Intel 975X Motherboard Battle, Spring 2006
From a platform point of view, the last few months have been rather slow. There have been no significant chipset innovations, and the processor speeds of both CPU players have not increased. This summer, however, things will change dramatically. AMD is on the verge of a significant platform transition that is starting now. For its part, Intel will replace its good old Pentium family with the all-new Core 2 processor family in the summer, as it works to be reinstated as the undisputed #1 processor company.
Intel has emerged victorious in preliminary benchmark runs that compared the 2.66 GHz Core 2 Duo E6700 against an overclocked AMD Athlon 64 FX-60. Those test systems were assembled and installed by Intel, but our own benchmark results give little reason to doubt the company's performance claims. In fact, we are pretty sure that Intel will at least make up for the current gap in performance and energy efficiency - it will likely overtake AMD sometime this summer.
But the Texans are not asleep, of course. The platform change will transition both the mainstream Socket 939 and the budget Socket 754 to the new 940-pin AM2 socket - "one platform to rule them all". Performance levels will initially not change much; Socket 939 and AM2 processors at equal clock speeds perform more or less alike. Although looking much faster on paper, the new DDR2-800 memory interface provides only small performance benefits when compared to its DDR400 Socket 939 counterparts. However, DDR2 RAM is indeed quite beneficial in terms of lowering memory costs per megabyte: you can expect 2 and 4 GB RAM soon at the cost you pay for 1 or 2 GB today. If you wonder why you may need 2 GB of RAM or more, think long term - think Windows Vista.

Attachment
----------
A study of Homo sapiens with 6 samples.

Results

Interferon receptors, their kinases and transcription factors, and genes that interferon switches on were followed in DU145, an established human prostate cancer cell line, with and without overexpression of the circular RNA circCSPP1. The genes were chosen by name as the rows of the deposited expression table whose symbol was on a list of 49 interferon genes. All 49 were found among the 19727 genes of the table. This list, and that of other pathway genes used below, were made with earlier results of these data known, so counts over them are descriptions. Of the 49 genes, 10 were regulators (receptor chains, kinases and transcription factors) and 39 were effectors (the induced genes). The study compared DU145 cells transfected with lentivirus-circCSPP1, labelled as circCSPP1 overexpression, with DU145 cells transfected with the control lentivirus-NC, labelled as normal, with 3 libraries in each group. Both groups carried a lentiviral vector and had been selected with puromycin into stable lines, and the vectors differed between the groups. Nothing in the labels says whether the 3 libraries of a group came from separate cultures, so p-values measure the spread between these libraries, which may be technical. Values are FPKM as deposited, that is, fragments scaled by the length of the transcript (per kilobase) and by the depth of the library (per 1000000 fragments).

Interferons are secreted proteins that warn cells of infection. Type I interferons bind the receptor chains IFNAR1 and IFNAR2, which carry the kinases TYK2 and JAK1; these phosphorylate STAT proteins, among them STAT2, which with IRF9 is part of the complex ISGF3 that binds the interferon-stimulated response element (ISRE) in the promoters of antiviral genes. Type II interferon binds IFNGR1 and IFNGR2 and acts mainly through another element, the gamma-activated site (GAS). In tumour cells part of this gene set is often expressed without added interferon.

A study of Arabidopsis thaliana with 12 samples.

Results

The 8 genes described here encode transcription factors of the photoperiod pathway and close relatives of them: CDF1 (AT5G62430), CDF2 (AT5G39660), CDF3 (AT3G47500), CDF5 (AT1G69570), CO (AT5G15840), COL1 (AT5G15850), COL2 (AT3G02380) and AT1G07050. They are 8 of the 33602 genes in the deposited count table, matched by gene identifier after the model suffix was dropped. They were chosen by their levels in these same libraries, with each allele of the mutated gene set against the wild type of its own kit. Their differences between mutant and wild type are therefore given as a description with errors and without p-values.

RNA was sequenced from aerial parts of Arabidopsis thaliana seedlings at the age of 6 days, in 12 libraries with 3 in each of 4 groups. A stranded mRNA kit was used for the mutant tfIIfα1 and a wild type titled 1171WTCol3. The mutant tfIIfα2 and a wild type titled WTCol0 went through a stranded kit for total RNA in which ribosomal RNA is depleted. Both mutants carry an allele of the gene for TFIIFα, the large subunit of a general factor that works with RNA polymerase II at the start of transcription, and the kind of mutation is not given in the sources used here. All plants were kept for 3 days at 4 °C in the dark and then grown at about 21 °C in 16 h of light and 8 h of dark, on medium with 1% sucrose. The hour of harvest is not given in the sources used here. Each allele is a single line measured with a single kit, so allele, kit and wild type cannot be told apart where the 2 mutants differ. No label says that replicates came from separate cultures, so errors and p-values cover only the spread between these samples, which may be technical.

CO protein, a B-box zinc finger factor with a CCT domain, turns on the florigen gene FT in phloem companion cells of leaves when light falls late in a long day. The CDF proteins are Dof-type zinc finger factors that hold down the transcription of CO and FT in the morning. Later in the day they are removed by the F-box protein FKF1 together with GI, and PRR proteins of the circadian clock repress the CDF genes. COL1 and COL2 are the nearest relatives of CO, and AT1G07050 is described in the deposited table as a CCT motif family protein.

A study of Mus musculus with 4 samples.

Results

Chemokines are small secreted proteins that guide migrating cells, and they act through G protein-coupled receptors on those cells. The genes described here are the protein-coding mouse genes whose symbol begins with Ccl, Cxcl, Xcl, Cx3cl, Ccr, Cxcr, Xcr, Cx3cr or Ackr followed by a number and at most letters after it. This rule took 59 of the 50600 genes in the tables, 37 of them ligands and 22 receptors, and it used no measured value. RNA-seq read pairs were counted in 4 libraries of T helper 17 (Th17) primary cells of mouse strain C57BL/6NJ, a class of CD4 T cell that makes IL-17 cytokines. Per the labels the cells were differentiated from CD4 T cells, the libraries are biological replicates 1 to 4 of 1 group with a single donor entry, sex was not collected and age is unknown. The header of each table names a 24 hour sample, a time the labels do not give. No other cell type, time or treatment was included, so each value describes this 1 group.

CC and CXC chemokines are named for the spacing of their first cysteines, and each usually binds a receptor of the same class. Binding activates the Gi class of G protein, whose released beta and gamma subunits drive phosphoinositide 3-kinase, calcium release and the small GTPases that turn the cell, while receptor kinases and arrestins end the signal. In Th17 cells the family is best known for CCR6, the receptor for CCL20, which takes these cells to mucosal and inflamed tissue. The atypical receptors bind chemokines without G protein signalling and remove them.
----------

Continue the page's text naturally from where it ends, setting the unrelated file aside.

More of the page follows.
Although AMD's 90 nm SOI manufacturing cannot keep up with Intel's winning combination of a 65 nm process and the efficiency-tuned Core 2 micro architecture, AMD is working on its own 65 nm process. The firm will stick to its elaborate silicon-on-insulator manufacturing, so we expect it to be back in the race as soon as the yields allow output of high-speed parts in quantity.
There are many motherboards available that are capable of working with both today's Pentium 4 and Pentium D processors, as well as with the majority of the upcoming Core 2 models. However, please make sure you verify Core 2 support before purchasing a particular motherboard, as it may not coexist well with old motherboard revisions.
We looked around and selected several current 975X motherboards for review. There are several alternatives with Nvidia chipsets around as well, but given that nForce4 will be replaced by the nForce 500 family soon, we decided to leave them out for now.